Disinvestment in DPSUS – need for more of it

The primary objective of the government in setting up public undertakings was the prosperity of the nation and not making profits.  Disengaging the capital locked up in these undertakings and redeploying it in developmental projects would pay better social and economic dividends in the long run. Therefore, there is a need for evolving a sector-specific policy for disinvestment in DPSUs, which aims at making them more efficient and responsive to the needs of the armed forces.

In February 2017, the government raised Rs 1,600 crore through disinvestment of 5 per cent of the paid-up equity capital out of its share of 74.41 per cent in Bharat Electronic Limited (BEL). The enthusiastic response from investors, both institutional and retail, saw the issue being oversubscribed by 260 per cent. The enthusiasm of the retail investor far exceeded the interest shown by the domestic and foreign investors.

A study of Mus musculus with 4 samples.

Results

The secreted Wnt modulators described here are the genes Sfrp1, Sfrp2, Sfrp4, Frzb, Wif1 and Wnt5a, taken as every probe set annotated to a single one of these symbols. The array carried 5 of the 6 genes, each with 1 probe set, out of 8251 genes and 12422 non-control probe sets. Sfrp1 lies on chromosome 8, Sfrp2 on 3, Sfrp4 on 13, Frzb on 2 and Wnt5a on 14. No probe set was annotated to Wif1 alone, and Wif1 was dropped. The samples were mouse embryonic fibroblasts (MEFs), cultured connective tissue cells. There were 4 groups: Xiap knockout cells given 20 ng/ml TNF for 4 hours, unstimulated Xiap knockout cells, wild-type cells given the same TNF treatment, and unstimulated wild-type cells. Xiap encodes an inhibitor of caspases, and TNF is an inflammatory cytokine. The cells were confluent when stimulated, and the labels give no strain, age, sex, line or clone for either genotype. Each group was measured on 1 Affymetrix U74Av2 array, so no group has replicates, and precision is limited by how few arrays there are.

BEL, a Navratna company is involved in manufacturing of radars and weapon systems, sonars, communication and electronic warfare systems, electro-optics and tank electronics. In the non-defence sector, its product range includes recently-much-in-the-news electronic voting machines, tablet PCs, integrated circuits, hybrid microcircuits, semiconductor devices and solar cells. The company is second only to Hindustan Aeronautics Limited (HAL) among all the DPSU in terms of profit earned since 2012-13. It is a close second to Goa Shipyard Limited (GSL) in terms of the value of exports. In 2015-16, it also exceeded the annual production target. These achievements are probably because BEL has consistently been the highest spender on R&D, even surpassing HAL. During 2016-17, it had spent 10.41 per cent of the total value of production on R&D till December 2016, which is more than the expenditure incurred by all other DPSUs, barring HAL which had spent 7.73 per cent.